The International Game

by Lyle Beaton

The continued griping among members of the rugby league press, represented well by Paul Kent from News Limited, about the lack of value of international rugby league is surely either rooted in bigotry or misinformation. In either case, these represent inexcusable reasons for people with such prominent platforms to make such comments on the game.

Bigotry in holding to some outdated view about the international appeal of rugby league (the banal “two States of Australia, north of England and Auckland” diatribe of the likes of the most immature rugby union propagandists) or pure misinformation as to the quality of football on show.

Anyone watching the three international games at the Gold Coast on Saturday night – Junior Kangaroos v Junior Kiwis, Papua New Guinea v Fiji, Samoa v Tonga – could not doubt the quality of football involved. Certainly both former NRL coach John Lang and Shane Richardson of the NRL were highly impressed with the quality of football on offer – Lang commenting that if NRL coaches had to watch the excitement and quality of the Samoa v Tonga match they would “chew their fingers off…”

The irony is that the likes of Kent have so obviously failed to do even the most basic homework or have been living under a rock for the last decade. The days of Australia dominating all comers has long since shifted – the seismic event of the 2005 Tri-Nations Final, in which New Zealand buried Australia 24-0, seems to have bypassed Moore Park in Sydney.

New Zealand’s record in rugby league since 2005 cannot be ignored, even by the likes of Kent:

– Bill Kelly Trophy winner against Australia in 2003 and 2005;

– Tri-Nations win in 2005;

– World Cup winner 2008; and

– Four Nations wins in 2010 and 2014.

This has been achieved despite continued mismanagement of the international space by Australia, which still lords every conceivable advantage over their “junior” trans-Tasman adversaries.

Some critics point to the Anzac Test ambush as some sort of evidence to counter the above record of achievement. Rubbish. The Anzac Test has been a vehicle which should have been confined to history long ago. New Zealand has hosted the game once since 1999, a disgrace by any standard. The continued playing of the match in front of Australia’s home crowds fails even the most basic test of fairness.

Moreover, the scheduling of the match over the last two decades has always showed a total lack of understanding of international or New Zealand rugby league.

Unlike Australia, New Zealand has traditionally drawn players equally from the major European (European/English Super League) and Australian competitions. While a shift in favour of the latter has occurred more recently, for many years the Anzac Test has forced the Kiwis to choose from only approximately half of their available playing options – unlike Australia (who had full access to their players from the NRL).*

Add to this the at times farcical non-availability of New Zealand players over the years due to the refusal of their Australian clubs to release them – Matt Utai at Canterbury represents one of the very best examples, although SBW at both Canterbury/Roosters made a special talent at it in more recent seasons – and the playing field in this particular Test has been tilted towards Australia for decades. That it has been allowed to continue is an indictment on the desperation of Australian rugby league to hold onto a position at the top of the world rugby league tree.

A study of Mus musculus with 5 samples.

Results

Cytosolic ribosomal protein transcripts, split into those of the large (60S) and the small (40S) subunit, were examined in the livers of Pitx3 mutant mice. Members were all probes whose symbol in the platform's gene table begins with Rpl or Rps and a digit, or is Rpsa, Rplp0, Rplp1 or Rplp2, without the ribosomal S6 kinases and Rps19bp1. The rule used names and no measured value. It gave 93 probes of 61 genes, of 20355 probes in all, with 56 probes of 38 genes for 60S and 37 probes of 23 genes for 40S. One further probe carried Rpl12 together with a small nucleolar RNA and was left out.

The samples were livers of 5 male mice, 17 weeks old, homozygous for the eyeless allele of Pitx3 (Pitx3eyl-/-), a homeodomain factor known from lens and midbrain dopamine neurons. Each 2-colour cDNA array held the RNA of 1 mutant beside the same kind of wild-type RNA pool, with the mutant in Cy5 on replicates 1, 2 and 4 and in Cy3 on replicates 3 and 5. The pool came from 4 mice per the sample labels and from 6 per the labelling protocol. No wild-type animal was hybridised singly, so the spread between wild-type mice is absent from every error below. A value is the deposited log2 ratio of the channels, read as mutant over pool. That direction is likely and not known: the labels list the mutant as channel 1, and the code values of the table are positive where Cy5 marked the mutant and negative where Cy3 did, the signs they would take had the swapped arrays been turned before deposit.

Add again to this Australia’s more recent tendencies to pressure dual eligible players to choose Australia over New Zealand (principally to access Origin), and the situation has been distorted further. This despite Australia having access to a base of over 1 million rugby league participants in contrast to the much more modest playing bases of the likes of the Pacific nations of PNG, Samoa, Tonga and Fiji (all of whom have been similarly pillaged in recent years by Australian selectors).

Add even further the childish attitude towards neutral referees by Australia which remains at odds with the rest of the rugby league playing world – witness the debacle of the disallowed try for England in last year’s Four Nations clash with Australia.

This evidence is so overwhelming that only a bigot or some peddling misinformation could mistake it for what it is.

Australian rugby league needs to decide what it wants – an international game that is fully supported and allowed to organically develop alternative bases of power based purely on the quality of player available (what will always be a cyclical event) or to cling on, in some cases artificially, to its (now former) cherished position as the world’s number one rugby league power.

This also extends to the journalists that continue to live off the nutrients fed to them by the greatest game of all.

*Australia has made a conscious decision throughout history not to pick players playing in England (generally on the basis that these players were seen as playing in an inferior competition). A fact which ignores for instance the strength of the English game in the period 1946 – 1970 in particular.